By Kamau Maichuhie and Jacinta Mutura | March 27th 2018
By Kamau Maichuhie and Jacinta Mutura | March 27th 2018
[Photo: Courtesy]

Anxiety has gripped members of the troubled Ekeza Sacco after it emerged it had been deregistered.

An estimated 8,000 members said to have invested Sh3 billion in the co-operative on Monday flocked its offices in various towns demanding the truth about their money after the new sacco was closed down.

In a gazette notice on Friday, Commissioner for Co-operative Development Mary Mungai announced the sacco had been deregistered for failing to meet its objectives.

She ordered the sacco to close down all its 26 offices across the country until it complied with the law.

Ms Mungai consequently asked those aggrieved by the cancellation of the sacco's licence to appeal before the relevant Cabinet secretary within 60 days.

Members who spoke to The Standard said news that Ekeza Sacco had been deregistered had left them confused.

Resume operations

But Stephen Irungu a member from Thika, said he was optimistic issues affecting the sacco would soon be sorted out to allow it to resume its operations.

Mr Irungu said he had decided to withdraw his savings and use them to complete a house he is building.

"I had saved Sh78,000 with the sacco. I went to withdraw the money, the management convinced me not to and instead promised me a loan of Sh55,000. The staff asked for my bank details and promised to credit the money to my bank account. I had not received the loan by the time the sacco was closed down,” he said.

Mary Gathoni, who joined the sacco in 2016, is in a similar predicament. She said she has saved Sh25,000 by the time it was closed down.

And just like Irungu, Ms Gathoni is optimistic the sacco will soon resume its activities.

“I think the management and the Government will solve any problems there may be amicably. I urge the sacco to fulfil all Government requirements so we can move on. No one should lose their money,” said Gathoni.

Patrick Ndung'u said he had already been refunded his deposits from the sacco before it closed down. He had been saving to buy a house in Kabati, Murang’a County.

Sister company

Sacco members are encouraged to save with a promise of houses and land for sale. The transactions are undertaken by Ekeza Sacco's sister company, Gakuyo Real Estate.

The company has ongoing housing projects in Thika and also owns Chosen Green City Homes in Kenol Kabati, Murang’a County, and Lanet Homes in Nakuru County.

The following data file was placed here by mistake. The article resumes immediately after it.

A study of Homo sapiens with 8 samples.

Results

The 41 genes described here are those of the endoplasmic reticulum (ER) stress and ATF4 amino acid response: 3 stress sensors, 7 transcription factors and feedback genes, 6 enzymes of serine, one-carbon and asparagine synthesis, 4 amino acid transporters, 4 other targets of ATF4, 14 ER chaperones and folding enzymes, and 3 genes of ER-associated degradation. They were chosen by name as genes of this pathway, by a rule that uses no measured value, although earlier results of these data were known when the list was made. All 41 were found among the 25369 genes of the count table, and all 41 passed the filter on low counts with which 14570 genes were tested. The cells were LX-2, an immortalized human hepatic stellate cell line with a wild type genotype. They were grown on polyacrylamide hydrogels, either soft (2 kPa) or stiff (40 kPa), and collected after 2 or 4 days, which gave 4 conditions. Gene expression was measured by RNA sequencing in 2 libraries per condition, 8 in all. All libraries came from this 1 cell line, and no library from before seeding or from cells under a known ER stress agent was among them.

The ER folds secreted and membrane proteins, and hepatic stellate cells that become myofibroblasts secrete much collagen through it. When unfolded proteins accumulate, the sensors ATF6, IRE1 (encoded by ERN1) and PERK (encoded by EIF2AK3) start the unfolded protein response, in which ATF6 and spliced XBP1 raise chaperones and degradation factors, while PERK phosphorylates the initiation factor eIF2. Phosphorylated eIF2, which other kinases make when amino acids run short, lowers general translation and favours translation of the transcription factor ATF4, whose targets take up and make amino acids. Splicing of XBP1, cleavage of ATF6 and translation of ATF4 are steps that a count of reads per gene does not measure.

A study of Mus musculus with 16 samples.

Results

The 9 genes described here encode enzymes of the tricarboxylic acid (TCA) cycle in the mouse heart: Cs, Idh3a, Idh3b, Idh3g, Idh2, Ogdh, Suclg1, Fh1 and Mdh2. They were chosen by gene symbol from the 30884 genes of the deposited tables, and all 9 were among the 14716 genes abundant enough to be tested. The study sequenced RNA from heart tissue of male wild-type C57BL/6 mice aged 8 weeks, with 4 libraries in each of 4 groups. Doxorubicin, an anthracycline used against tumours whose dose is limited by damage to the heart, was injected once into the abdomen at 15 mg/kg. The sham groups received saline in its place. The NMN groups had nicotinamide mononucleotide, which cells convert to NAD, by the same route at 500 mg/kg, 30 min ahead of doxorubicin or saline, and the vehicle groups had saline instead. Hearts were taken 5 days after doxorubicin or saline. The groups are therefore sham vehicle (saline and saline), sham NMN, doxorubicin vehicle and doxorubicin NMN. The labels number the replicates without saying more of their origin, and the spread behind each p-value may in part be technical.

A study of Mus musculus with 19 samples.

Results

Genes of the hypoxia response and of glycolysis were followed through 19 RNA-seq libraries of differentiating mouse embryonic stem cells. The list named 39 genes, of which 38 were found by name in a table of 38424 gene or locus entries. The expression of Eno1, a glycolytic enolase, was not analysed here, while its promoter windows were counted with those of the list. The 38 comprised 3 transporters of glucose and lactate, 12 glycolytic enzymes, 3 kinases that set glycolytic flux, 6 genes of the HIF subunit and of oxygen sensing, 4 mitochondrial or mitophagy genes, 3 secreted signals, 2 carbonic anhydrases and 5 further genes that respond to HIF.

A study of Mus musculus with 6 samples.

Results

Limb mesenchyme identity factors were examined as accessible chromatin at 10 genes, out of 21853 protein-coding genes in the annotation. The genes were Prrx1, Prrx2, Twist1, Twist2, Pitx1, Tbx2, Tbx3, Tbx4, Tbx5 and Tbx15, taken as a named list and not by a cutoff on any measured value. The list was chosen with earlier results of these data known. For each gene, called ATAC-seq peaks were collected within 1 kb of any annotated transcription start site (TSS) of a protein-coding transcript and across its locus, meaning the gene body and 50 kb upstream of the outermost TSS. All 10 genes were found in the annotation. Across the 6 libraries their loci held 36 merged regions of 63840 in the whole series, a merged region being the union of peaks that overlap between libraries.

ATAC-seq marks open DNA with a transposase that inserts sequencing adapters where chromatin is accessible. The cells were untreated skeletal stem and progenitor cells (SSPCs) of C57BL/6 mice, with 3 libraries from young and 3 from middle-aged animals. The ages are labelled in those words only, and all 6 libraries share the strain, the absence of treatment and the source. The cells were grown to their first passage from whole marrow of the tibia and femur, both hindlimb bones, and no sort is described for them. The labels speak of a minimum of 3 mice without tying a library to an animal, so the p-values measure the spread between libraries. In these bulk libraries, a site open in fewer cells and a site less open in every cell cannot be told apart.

Julius Mwangi, a businessman in Nanyuki, said he'd saved Sh62,000. He was hoping to take a loan to expand his business.

“I heard news the sacco has been deregistered through the media and I am worried I might lose my money,” said Mr Mwangi.

When he went to the office to get more information, Mwangi was told to wait until the managers from the head office responded to the matter.

“I thought my savings were safe but now I no longer have confidence in the sacco. I want to withdraw all my money and invest elsewhere. What if I come later and find the office locked? I cannot risk saving money with the sacco anymore,” he said.

Martin Kogi also wants the sacco to refund his Sh40,000 savings.  

“They should not have allowed us to register with them if they were not operating as required by the law. They have betrayed their clients’ trust and confidence,” he said.

Mr Kogi said he had planned to apply for a Sh120,000 loan to buy a motorcycle. He fears his plans might be derailed.

Mungai, who published the notice dated March 5, said if no members were aggrieved by the order, the sacco would be liquidated.

“If no one complains, after expiry of 60 days from the date of this order, we will put it under liquidation,” she explained.

Liquidation refers to the process of selling a company's assets to generate cash to pay off creditors or anyone else the company owes money.

Mungai assured investors their money was safe, adding that the sacco had two options: “If they have any issues they can present them to the Cabinet secretary or go to court,” she said.

But to get back its licence, the sacco must demonstrate it has taken steps to remedy the situation.

Yesterday, Ekeza Sacco chairman David Ngari (pictured), commonly known as Gakuyo, assured members that their money was safe. Mr Ngari who is also the bishop of Calvary Chosen Centre, told members not to panic.

"That Ekeza has been deregistered by the Government does not necessarily mean money belonging to members has been lost or misappropriated," he said.

“Members' money is safe and I want to set the records straight that no money is missing." 

Ngari said the sacco had been able to advance loans worth Sh2.7 billion to 7,415 members in the less than four years of its existence.

Emergency loans

He said out of those who had been given loans, 2,000 were to be used to buy houses and 4,000 to buy land. The rest were emergency loans, including school fees and money for medical treatment.

He said the sacco managers would utilise the 60-day window given by the Government to meet with the relevant officials in order to address issues that had been raised.

“I am calling on members to be calm as we sort out the matter. It is just a matter of time before we resume our operations. We are going to meet with the Government to sort out the small administrative issues that caused the sacco to be closed down” he said.